I think I can safely say that I have laid to rest the hypomanic beast after having been on the increased dose of antipsychotics for almost a week, but that doesn't really mean that I say this with a lot of confidence and without some doubt. I am constantly double checking my own behavior and questioning my thought patterns and what motivates me. None of these things are above suspicion yet and nothing quite comes natural without me having to think about it.
I am like a probation officer keeping track of a prisoner out on good behavior and it is very exhausting having to play both roles. But at least I'll be the first one to know when I am trying to outwit myself, unless a new bout of hypomania hits me in such a way that I am again taken completely unawares. I am, right now, very keen on noticing the least little sign of it, to the point that I suspect probably the most ordinary behavior, which makes me sort of loony.
Hopefully by next week, when I have been on the increased dose long enough, I will be back to more ordinary, less suspicious behavior, and I will be more at ease with myself. These things take time and it is important to remember that you don't take one extra pill and suddenly have the problem disappear. In all things patience is needed and some processes can't be speeded up. I am a bit wobbly still and one moment quite alright and at others insecure and vulnerable.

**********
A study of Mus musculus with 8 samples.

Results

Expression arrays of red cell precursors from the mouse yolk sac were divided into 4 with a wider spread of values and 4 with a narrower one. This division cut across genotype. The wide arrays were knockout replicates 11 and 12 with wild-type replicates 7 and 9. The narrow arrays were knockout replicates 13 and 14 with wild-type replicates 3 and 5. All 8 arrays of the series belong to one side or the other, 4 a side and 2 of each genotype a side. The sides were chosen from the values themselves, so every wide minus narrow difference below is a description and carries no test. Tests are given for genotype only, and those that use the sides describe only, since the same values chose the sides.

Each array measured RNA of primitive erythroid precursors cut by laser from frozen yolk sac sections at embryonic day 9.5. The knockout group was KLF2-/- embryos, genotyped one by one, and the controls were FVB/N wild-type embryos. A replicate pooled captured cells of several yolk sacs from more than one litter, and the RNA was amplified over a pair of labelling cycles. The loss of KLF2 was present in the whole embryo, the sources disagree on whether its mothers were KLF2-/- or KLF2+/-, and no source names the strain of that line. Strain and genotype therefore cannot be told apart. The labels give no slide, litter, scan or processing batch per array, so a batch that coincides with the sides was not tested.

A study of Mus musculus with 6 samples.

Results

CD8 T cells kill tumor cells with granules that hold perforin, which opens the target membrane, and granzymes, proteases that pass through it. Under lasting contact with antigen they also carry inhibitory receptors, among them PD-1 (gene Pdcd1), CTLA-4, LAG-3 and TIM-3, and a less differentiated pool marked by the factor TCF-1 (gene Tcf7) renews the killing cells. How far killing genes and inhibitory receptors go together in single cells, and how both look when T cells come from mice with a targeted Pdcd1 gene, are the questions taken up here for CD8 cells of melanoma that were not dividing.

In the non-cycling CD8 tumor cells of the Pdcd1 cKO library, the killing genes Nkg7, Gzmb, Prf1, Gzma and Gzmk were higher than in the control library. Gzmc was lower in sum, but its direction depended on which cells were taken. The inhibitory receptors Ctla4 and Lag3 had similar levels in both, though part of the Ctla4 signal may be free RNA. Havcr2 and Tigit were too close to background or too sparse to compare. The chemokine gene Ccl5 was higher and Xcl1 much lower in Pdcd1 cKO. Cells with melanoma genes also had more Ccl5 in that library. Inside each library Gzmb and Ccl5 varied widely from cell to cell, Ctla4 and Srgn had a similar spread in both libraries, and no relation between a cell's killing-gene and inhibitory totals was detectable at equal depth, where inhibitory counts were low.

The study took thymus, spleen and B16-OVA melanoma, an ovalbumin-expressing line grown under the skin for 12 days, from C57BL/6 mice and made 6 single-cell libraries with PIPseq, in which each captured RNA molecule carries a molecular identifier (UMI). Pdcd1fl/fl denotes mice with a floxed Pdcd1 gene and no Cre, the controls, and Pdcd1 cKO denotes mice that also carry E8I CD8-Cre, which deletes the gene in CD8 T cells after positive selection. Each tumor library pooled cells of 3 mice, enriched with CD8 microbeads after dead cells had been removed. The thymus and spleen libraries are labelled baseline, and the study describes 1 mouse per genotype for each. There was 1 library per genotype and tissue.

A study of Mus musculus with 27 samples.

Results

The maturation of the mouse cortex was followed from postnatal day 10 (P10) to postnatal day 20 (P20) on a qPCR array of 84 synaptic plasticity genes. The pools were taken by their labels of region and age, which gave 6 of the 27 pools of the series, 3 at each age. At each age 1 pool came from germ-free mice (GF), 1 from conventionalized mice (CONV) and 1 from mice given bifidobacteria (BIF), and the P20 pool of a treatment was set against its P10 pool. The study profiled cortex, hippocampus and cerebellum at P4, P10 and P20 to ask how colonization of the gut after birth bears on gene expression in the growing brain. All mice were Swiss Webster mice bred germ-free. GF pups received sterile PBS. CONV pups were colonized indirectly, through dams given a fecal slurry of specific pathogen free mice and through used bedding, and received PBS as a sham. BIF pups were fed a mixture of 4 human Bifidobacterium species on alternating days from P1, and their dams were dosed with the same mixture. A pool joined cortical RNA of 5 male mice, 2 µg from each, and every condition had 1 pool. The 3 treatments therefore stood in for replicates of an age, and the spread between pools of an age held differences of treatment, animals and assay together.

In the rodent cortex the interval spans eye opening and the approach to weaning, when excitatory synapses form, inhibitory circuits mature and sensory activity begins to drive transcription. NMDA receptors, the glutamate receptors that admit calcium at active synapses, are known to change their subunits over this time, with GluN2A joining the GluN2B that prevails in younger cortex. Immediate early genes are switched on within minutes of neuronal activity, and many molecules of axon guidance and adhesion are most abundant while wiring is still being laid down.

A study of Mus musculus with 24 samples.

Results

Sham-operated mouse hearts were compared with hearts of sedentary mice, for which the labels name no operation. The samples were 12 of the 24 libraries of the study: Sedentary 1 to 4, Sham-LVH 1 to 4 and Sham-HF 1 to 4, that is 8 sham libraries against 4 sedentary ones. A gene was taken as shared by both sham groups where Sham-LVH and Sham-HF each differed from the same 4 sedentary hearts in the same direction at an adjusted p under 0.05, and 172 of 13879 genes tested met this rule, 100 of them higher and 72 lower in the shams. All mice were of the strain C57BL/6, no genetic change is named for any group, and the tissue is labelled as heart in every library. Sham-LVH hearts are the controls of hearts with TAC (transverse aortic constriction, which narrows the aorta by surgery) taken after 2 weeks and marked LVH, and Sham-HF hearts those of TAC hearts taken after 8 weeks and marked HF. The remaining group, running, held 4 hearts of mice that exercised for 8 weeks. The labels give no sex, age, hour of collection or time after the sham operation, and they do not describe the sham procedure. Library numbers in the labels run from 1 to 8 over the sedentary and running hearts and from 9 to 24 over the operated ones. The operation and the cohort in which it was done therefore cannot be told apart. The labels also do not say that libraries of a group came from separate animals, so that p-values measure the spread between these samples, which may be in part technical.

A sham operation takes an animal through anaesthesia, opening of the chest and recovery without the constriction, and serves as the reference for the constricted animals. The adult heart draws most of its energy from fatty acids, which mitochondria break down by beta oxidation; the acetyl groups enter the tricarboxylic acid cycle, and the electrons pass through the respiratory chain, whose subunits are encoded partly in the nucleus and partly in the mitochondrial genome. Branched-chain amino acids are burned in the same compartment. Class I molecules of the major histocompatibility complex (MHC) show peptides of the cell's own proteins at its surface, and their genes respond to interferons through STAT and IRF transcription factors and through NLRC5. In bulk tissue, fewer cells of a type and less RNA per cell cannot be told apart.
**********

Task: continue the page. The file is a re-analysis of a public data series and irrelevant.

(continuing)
Almost every time I have had a bout of hypomania, I get smarter about it, although I do have to say that some of the lessons I learn are of very little use. I think this time around was a real doozy and I learned a lot, but then again, I did some damage and that is not easily forgotten and makes an impact. I can hope for no less than that I learn a big lesson from something that makes a big impact otherwise it is completely wasted. The only problem is, that while I am actively hypomanic, any lesson I did learn before is quite forgotten and hidden in oblivion.
I think I am a much more insecure person that I have been willing to admit and that I cover up for that by acting overly optimistic when at times it is completely misplaced. At times I have to be more realistic, and a bit of a cynic also, and stare the bare facts right in the face, even when they scare me and increase my sense of insecurity and vulnerability. I am, after all, only a human, aren't I? I suppose I try to be some sort of ubermensch who is not affected by much of anything.
I have to tell myself that nothing bad is going to happen to me if I feel the less positive emotions, because they are all temporary and know a beginning and an end. Confusion is just one of them.